Knowingly exposing others to HIV will no longer be a felony in California


The measure also applies to those who give blood without telling the blood bank that they are HIV-positive.

Modern medicine allows those with HIV to live longer lives and nearly eliminates the possibility of transmission, according to state Sen. Scott Wiener (D-San Francisco) and Assemblyman Todd Gloria (D-San Diego), authors of the bill.

“Today California took a major step toward treating HIV as a public health issue, instead of treating people living with HIV as criminals,” Wiener said in a statement. “HIV should be treated like all other serious infectious diseases, and that’s what SB 239 does.”

Supporters of the change said the current law requires an intent to transmit HIV to justify a felony, but others noted cases have been prosecuted where there was no physical contact, so there was an argument intent was lacking.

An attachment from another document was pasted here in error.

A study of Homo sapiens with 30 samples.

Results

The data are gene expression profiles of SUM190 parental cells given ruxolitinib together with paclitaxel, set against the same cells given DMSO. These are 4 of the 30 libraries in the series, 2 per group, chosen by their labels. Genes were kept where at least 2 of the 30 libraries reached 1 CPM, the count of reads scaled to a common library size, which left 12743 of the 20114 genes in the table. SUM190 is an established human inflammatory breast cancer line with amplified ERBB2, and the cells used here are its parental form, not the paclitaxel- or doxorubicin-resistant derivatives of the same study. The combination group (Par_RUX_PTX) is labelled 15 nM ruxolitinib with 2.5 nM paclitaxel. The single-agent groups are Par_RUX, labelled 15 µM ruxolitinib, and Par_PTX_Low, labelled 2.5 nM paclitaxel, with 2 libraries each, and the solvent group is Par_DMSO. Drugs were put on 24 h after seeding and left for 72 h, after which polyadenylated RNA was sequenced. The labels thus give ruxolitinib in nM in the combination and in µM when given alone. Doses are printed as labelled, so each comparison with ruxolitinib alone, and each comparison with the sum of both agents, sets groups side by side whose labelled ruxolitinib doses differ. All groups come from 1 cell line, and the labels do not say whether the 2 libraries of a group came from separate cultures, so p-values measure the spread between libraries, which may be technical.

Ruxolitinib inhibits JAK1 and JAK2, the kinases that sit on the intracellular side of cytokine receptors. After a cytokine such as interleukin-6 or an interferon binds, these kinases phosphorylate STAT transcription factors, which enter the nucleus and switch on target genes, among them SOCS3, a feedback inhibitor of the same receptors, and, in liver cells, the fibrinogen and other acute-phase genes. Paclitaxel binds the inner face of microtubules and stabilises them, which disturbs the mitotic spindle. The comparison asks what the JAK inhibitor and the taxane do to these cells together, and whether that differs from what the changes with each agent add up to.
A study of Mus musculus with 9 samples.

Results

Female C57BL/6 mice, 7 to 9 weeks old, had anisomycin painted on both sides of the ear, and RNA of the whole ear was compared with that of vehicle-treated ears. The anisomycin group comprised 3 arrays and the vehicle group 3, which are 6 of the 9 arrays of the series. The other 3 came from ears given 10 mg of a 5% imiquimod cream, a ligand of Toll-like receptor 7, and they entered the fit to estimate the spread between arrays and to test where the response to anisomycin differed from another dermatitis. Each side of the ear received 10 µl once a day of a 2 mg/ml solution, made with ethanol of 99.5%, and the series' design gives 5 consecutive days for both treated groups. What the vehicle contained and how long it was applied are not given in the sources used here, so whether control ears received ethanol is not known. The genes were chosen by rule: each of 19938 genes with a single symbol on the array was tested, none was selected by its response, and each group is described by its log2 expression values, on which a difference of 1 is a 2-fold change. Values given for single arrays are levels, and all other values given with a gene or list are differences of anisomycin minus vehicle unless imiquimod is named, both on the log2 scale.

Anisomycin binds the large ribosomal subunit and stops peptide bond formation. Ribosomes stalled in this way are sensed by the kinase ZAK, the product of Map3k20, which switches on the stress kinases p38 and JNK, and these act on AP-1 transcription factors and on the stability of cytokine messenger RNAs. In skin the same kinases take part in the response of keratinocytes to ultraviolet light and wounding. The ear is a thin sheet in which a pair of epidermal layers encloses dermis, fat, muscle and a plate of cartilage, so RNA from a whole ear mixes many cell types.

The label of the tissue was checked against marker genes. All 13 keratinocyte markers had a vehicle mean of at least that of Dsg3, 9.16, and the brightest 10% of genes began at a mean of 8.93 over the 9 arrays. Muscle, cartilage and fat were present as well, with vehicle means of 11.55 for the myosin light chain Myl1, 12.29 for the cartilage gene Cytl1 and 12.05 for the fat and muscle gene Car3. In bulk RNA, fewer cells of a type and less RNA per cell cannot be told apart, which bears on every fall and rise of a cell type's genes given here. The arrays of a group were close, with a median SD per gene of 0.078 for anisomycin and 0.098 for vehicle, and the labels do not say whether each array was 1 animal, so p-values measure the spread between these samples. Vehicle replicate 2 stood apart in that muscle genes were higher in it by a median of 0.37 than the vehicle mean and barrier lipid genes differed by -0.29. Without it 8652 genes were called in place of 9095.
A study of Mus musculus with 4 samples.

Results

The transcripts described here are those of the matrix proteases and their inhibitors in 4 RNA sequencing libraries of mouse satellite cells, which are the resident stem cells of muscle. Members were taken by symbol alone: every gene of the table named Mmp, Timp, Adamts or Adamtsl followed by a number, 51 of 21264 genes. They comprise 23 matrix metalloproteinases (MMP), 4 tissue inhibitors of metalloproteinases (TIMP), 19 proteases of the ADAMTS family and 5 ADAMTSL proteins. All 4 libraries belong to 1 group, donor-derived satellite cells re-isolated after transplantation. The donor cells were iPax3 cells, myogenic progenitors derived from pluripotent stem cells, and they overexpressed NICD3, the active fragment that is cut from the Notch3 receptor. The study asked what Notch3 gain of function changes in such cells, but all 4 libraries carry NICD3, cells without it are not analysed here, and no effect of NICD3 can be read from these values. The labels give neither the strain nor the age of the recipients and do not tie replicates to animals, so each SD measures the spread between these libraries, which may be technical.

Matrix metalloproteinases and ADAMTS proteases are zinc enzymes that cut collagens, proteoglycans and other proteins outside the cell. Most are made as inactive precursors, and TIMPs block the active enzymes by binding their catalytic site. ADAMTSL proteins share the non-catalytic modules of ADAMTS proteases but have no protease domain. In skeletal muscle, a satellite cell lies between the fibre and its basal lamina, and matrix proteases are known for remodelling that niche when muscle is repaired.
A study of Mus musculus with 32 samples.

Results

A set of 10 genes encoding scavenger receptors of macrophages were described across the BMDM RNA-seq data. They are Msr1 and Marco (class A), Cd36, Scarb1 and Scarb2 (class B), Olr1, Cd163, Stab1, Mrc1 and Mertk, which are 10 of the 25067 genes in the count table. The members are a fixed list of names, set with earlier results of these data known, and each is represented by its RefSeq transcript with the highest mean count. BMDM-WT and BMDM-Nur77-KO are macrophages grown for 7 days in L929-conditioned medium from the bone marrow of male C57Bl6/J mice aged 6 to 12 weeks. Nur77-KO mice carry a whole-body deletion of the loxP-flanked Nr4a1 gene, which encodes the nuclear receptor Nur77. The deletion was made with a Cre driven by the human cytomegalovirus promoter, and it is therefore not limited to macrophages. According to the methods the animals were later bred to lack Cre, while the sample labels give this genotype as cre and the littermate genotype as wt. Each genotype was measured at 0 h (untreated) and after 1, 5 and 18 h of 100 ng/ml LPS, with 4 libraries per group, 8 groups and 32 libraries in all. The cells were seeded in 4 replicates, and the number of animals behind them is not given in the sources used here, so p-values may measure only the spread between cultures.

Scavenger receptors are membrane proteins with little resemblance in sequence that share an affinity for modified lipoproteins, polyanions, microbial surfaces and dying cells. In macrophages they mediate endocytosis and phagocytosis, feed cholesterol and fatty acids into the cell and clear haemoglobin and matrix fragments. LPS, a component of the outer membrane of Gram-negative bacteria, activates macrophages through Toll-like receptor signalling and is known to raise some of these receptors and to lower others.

Brown declined to comment on his action.

HIV has been the only communicable disease for which exposure is a felony under California law. The current law, Wiener argued, may convince people not to be tested for HIV, because without a test they cannot be charged with a felony if they expose a partner to the infection.

“We are going to end new HIV infections, and we will do so not by threatening people with state prison time, but rather by getting people to test and providing them access to care,” Wiener said.

Supporters of the bill said women engaging in prostitution are disproportionately targeted with criminal charges, even in cases where the infection is not transmitted.

Republican lawmakers including Sen. Joel Anderson of Alpine voted against the bill, arguing it puts the public at risk.

“I’m of the mind that if you purposefully inflict another with a disease that alters their lifestyle the rest of their life, puts them on a regimen of medications to maintain any kind of normalcy, it should be a felony,” Anderson said during the floor debate. “It’s absolutely crazy to me that we should go light on this.”

Anderson said the answer could be to extend tougher penalties to those who expose others to other infectious diseases.